Rick Ruskin has earned the right to be called a “Fingerstyle Guitar Virtuoso.” His skills are legendary but the label only tells part of the story. He is also a gifted singer, arranger, and composer whose work has been featured in film and on television around the world. Rick has honed his craft so that it’s the music audiences remember and not just flashy technique.
Rick started playing guitar in 1962 and in just one year became a respected professional musician in his native Detroit, Michigan. In 1964, while still in Jr. High School, he was chosen to open the bill for the Reverend Gary Davis at Detroit's legendary Retort Coffee House. This engagement resulted in a fast and permanent friendship with the master blues, ragtime, and gospel guitarist. Rev. Davis was so taken by the young Ruskin's skill and eagerness, that he invited Rick to spend that summer with him at his Long Island home. By the end of the summer, Davis stopped teaching Rick new material and told him, "It's time you started paying attention to your own music." Ruskin has been doing that ever since.
He has also performed on a number of soundtracks for television and films, as well as worked with countless artists along the way, such as Jackie DeShannon, James Lee Stanley, Lewis Ross, Penny Nichols and Olivia Newton-John.
Rick makes his home in Seattle, Washington where he owns and operates Lion Dog Music, a 32 track recording facility from which he records and produces projects including his own.
difference. This isn't your daddy's alternating bass line.
Mixes a syncopated moving bass with a slightly-embellished simple chord progression to yield what sounds like a complete and jaunty track.
Uses the generic blues form to demonstrate some different voicings that can be utilized to spice things up. Add to that some horn-like stabs and percussive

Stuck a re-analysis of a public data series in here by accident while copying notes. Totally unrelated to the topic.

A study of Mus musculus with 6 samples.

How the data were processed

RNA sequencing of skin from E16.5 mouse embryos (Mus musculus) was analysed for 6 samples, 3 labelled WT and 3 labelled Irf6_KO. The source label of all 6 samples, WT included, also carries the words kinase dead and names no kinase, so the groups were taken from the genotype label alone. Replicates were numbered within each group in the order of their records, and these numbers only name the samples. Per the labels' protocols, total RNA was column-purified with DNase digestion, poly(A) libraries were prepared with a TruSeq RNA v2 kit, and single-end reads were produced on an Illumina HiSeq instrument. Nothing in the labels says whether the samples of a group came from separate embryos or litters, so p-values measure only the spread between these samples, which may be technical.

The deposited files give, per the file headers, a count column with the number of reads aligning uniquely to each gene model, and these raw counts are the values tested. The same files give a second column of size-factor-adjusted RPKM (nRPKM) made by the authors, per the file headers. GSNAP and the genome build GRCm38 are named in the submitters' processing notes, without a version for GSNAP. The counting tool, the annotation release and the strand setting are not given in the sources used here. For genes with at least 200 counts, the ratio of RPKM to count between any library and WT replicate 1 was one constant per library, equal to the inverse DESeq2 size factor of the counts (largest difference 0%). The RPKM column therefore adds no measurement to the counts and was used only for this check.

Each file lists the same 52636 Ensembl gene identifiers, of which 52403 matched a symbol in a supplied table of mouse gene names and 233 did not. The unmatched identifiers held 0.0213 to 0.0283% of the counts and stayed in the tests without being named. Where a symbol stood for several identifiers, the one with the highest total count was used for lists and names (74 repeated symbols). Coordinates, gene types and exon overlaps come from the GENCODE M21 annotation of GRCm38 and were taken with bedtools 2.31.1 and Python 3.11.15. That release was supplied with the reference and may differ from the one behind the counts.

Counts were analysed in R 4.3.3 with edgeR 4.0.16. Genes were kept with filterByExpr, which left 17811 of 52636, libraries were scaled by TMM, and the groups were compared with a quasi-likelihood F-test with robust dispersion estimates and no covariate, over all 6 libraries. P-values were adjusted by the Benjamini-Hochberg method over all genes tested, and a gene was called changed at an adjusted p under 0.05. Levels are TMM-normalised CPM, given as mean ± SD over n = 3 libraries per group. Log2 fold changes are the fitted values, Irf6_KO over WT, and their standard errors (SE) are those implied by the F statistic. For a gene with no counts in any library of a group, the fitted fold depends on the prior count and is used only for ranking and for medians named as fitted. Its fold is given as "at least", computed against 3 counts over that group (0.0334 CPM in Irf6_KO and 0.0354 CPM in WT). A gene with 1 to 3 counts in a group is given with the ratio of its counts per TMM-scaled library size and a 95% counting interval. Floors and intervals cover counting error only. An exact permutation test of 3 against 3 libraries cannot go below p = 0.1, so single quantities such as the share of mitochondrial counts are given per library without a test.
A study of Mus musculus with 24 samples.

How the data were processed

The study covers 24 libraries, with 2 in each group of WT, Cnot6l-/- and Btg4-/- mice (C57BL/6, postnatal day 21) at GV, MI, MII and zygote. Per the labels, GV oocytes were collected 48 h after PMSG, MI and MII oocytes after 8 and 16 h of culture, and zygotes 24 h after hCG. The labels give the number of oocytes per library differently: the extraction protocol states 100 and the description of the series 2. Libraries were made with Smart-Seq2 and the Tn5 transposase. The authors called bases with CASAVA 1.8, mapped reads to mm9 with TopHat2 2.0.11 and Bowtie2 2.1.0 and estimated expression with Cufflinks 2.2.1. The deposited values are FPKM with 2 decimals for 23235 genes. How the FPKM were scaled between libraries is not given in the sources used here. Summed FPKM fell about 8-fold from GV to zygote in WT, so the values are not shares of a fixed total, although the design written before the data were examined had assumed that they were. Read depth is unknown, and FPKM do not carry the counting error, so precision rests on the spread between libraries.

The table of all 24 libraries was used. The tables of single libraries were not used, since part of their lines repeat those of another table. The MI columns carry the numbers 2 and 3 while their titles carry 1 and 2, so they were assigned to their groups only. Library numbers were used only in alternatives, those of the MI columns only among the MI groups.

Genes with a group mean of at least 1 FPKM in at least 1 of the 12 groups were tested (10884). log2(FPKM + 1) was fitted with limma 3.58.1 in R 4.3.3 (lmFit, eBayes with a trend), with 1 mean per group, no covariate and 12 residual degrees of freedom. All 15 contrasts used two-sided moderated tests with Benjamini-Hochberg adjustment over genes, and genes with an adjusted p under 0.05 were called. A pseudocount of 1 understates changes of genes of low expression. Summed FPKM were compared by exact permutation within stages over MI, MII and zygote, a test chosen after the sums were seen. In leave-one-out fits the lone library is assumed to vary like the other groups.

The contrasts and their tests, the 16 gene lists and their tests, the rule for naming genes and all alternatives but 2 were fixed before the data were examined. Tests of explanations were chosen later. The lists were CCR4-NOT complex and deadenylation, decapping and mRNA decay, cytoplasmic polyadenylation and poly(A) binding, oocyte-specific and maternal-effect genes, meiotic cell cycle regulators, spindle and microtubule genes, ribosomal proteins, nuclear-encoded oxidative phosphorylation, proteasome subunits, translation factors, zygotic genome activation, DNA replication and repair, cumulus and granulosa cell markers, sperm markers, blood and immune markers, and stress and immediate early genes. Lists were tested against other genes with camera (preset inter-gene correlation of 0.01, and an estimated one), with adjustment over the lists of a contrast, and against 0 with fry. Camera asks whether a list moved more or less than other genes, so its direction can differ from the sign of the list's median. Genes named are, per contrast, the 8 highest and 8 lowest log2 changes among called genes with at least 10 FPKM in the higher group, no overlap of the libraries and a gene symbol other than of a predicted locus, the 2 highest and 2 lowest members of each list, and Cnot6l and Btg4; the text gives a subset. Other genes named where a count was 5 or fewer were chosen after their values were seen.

electric guitar "chinks" and you have something that is not only fun to play but fun for others to play along with.
This is a modernization of the back-up to that quintessential minor-keyed American folk tune. Instead of following tradition, it's infused with R&B, gospel, & soul to create a sexy tension between it and the original melody. (Hint: Start the melody on beat 4 of Bar 8.)
Very Motown like but with just a hint of the Doobie Bros. Harmonies alternate between emulating horns and human voices. Some stinging lead guitar lines
mixed in for good measure.
A sparse "A" section with a bit of single string work is followed by a rock groove. Some interesting non-standard chord progression punts over to a
boogie-woogie motif that takes it all back to the top. Lots of room for musical experimentation for the primary player as well as whoever is jamming
A 6-string Stax/Volt inspired riff, starting off with "call & response" phrases between the upper and lower sections of the guitar. It then moves
to the entire "band" blowing at once before starting all over again.
A 12/8 shuffle encompassing polytonality and open and closed voice chord movement to keep the fret work interesting and horn section like. There's
also a lot of "on the back-beat" thumb work both to keep things moving along and enhance picking technique.